You may have heard the news about a teen who died shortly after receiving the HPV vaccine due to Acute Disseminated Encephalomyelitis (ADEM) — a side effect of the drug.
Many anti-vaxxers, including people in support of vaccinations, have decided not to give this particular drug to their children as a result.
Recently, Snoops refuted the claim that the HPV vaccine caused the deaths of 32 women.
Between 2006 and 2013 more than 57 million doses of the HPV vaccine were given out across the country with 22,000 adverse effects reported (most of these were non-fatal and resolved in a matter of days.)
Pediatricians urge parents of preteens to vaccinate their children against HPV aka the human papillomavirus, a sexually transmitted disease that causes more than 13,000 reported cases of cancer in adult men and cervical cancer in women.
The suggested age for vaccination is as young as 11 years.
According to the Centers for Disease Control and Prevention, HPV is one of the most common STDs with 8 out of 10 women and men being infected. The disease most likely will and can resolve, but in cases where an immune system is compromised, the end result can be various forms of cancer such as cervical in women and throat in men.
The vaccine itself lasts up to 10 years, and in 2018, in October 2018, the CDC reported that the vaccine can be administered to adults up to the age of 45 with some benefit.
Hopefully, this means Youtube will stop guilting me about not allowing my pediatrician to start my son on a three-part series of Gardasil vaccine.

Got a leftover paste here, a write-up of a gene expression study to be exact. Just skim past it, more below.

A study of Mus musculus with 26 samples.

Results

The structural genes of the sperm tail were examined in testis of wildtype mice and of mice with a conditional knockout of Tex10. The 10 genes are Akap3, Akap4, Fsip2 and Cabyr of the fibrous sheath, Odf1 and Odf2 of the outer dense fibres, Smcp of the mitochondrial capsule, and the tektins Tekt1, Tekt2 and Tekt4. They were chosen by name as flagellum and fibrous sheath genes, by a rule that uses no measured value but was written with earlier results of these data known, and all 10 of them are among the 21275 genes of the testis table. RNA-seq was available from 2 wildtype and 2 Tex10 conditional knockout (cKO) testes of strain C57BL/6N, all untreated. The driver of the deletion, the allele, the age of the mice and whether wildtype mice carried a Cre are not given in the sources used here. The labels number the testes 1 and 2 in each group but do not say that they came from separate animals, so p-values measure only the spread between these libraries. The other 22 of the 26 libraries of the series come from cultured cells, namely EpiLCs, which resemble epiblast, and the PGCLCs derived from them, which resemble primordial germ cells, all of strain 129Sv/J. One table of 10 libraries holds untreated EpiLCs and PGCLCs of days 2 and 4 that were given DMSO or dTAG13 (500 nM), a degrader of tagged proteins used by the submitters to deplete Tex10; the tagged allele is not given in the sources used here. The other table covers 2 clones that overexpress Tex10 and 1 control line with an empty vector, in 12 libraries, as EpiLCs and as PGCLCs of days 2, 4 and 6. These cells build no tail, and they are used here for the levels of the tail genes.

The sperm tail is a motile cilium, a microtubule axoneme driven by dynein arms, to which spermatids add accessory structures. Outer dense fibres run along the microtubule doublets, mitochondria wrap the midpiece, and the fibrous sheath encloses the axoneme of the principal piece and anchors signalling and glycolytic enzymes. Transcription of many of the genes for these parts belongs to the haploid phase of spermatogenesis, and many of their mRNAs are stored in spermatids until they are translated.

Gardasil is given to humans as young as 9 years old, and up until October 2018, a person could only receive it until the age of 21; the age limit has now been extended to 45 years.
The pitch is that I would be stopping my child from getting cancer as an adult, but the truth is that the type of cancer that Gardasil prevents children from getting is sexual in nature and right now he is not active in that way.
I’m not an anti-vaxxer, and I didn’t make this decision because I don’t see the value in protecting my son in the future. I’m also not so ignorant to think that he will not participate in the act of sex with another human being at some time in his teenage years, although I teach my children to practice abstinence until the time of marriage.
Let’s be real, he may or may not follow my suggestions. Yet, 9 years of age seems way too young to administer Gardasil when it can be given safely at 15 and up to 21.
With all the concerns surrounding the vaccine, I’m just not sure the potential benefit is worth the risk. Everyone is different and to some, the risks may be minor. Just be sure to check with a doctor before taking the plunge.